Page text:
The Phantom Man

DJI Phantom | DJI Innovations

The name Frank Wang may not mean anything to you but if you are a fan of Aerial Photography, Drones or Quadcopters you will have surely heard of the company he founded whilst studying robotic design under the mentor-ship of Prof Li Zexiang for his Master’s degree at the Hong Kong University of Science and Technology, DJI Innovations. Wang a twice winner of the Robocon award and a Drone hobbyist had a vision of building an unmanned aerial vehicle that could visualize what birds could see. His first attempts ended in numerous crashes and back then you often had to wait months to get replacement parts. Undeterred Wang, whose grades weren’t good enough for him to get a placement at a USA University, persevered and took a Remote Controlled Helicopter he designed and built on a trip to the Himalayas. The flight control system he had programmed with complex algorithms allowed him to fly the craft to the summit of Mount Everest and capture footage that could have only previously be obtained by traditional aircraft. Spurred on by this he set up the Shenzhen based DJI Innovations Company that now employs over 1,500 staff and has offices in the USA, Europe and Japan. When Wang set up his first 80 square foot office with a couple of friends he couldn’t have foreseen that this enterprise would develop into a company with estimated 2014 revenues of US $131 million. The last three years the company has seen its turnover grow exponentially and this is due in the main to the Phantom range of Remote Control Quadcopters. These flying cameras can capture high definition images and the buyers of today are not just the traditional hobbyist that are often associated with RC Quadcopters but professional photographers who are using them in many industries. They have become extremely popular in Real Estate to capture images of property from numerous angles.


Frank Wang of DJI Innovations
The CEO of DJI Innovations Frank Wang

It has be widely rumored that Sequoia Capital the venture capital firm based in Silicon Valley have considered investing in DJI with Chairman Michael Moritz likening the Phantom Vision 2 as a flying equivalent of the Apple 2. Chris Anderson former editor of Wired and CEO of rival Drone maker 3D Robotics has said that DJI are the first wave of 21st Century Chinese Companies that the Western World are going have to compete with. DJI are as their name suggests a truly innovative company that unlike many of their Chinese counterparts lead the marketplace rather that copying other people’s products. A number of Chinese and Taiwanese companies are trying to emulate the success of DJI Innovations and the industry is waiting for the release of the latest model from Hubsan Technology the Hubsan X4 PRO H109S Quadcopter which even before its release is being hailed as a true Phantom challenger. The use of these flying machines has literally taken ‘Selfies’ to a new height and enthusiast are publishing images of themselves flying these Remote Control Drones spawning the term ‘Dronies’.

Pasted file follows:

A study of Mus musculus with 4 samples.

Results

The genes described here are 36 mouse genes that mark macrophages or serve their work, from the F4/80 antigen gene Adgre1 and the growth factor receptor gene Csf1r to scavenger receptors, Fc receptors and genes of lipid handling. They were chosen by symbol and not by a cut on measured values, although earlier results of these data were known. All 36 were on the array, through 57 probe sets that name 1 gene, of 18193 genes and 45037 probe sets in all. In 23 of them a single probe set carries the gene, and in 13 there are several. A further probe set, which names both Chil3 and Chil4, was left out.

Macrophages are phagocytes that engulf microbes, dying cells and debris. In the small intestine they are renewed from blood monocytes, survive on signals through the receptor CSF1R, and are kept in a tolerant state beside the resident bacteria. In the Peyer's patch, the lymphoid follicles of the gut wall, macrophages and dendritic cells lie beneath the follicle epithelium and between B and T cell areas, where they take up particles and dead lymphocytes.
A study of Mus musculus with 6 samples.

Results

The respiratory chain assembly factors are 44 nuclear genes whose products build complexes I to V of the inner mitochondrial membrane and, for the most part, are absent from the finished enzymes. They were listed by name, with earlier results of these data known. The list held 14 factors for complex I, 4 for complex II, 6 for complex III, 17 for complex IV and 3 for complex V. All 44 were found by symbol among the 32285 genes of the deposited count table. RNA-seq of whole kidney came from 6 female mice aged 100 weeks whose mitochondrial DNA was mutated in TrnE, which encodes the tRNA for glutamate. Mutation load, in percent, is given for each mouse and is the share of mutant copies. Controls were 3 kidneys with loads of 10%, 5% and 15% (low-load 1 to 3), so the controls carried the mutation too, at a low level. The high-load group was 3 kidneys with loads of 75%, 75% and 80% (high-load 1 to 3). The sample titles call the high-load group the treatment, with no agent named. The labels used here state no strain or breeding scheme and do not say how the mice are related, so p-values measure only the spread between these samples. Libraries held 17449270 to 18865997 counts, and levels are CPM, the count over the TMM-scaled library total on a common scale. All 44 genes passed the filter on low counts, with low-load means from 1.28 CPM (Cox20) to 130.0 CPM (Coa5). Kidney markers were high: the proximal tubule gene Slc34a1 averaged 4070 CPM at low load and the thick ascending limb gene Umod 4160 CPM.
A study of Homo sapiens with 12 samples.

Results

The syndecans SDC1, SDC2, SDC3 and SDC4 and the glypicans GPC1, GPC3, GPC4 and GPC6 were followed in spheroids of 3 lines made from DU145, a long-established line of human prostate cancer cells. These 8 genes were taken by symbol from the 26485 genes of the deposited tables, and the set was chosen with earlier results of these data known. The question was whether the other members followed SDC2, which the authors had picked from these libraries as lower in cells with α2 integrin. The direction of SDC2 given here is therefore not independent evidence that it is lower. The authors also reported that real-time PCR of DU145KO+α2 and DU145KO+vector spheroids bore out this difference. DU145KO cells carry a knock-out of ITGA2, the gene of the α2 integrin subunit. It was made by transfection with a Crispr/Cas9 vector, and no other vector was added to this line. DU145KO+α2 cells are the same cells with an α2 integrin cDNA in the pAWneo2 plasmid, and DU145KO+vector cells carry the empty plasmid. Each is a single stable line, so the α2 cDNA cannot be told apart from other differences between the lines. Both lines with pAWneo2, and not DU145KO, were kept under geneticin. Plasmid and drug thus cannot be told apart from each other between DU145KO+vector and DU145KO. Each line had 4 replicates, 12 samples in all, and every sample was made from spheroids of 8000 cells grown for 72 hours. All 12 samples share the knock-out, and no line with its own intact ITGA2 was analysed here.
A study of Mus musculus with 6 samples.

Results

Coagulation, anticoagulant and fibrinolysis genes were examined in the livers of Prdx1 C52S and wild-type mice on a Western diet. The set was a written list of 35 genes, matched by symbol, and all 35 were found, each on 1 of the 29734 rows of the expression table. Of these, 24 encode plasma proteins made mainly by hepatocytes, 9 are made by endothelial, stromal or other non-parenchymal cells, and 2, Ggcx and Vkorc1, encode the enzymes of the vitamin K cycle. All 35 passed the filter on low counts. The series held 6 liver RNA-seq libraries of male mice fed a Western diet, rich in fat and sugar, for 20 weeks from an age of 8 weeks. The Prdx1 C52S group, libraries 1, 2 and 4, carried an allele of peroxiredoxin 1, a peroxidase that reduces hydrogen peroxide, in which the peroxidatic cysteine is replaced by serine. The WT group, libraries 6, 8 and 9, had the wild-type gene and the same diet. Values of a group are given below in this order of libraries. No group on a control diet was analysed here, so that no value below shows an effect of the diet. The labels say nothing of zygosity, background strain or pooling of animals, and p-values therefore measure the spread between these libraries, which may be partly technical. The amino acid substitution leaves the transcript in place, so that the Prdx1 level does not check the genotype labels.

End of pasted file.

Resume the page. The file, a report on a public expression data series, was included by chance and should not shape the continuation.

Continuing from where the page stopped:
One comment

  1. As an owner of a DJI’s Phantom 2, I’d finally achieved my long time dream of a bird’s eye view of my corner of reality. The thrill of the experience has not diminished even after many, many flights. I feel I owe DJI and Frank Wong an eternal debt of gratitude. I don’t take the achievements in the field of UAV’S for granted when I ask this question.
    The advancements in technology in the past few years are staggering and though not an engineer, common sense dictates that the weight to power ratio has to be a fundamental balancing act underlying much if not all factors in design.
    My question relates to functionality of the camera.
    The incorporation of a modest Zoom [7x would be ideal] would no doubt revolutionize the photographic capability of the product.
    Again, weight to power is already probably close to critical and such a system, whether a multi-lens turret devise or motorized zoom might drive this ratio past economically reasonable and therefore prohibitive retail costs.
    I know that there are plenty of larger multirotor UAV’s out there that can mount SLR’s but the cost and expertise required are well above the price range of what most people might invest.
    I’m thinking along the lines of the “Inspire I” in terms costs, although, Phantom Pilots would jump at the prospect of a P3V at about $1500 to $1800 with such a capability.
    As a bird and wildlife enthusiast, the least disturbance associated with actively studying critters is by far the most important condition I personally prize. A 7x to 10x power optical instrument becomes essential for such an endeavor.
    Thanks for sharing by reading this post and good luck to DJI in the future, “They are the Future”.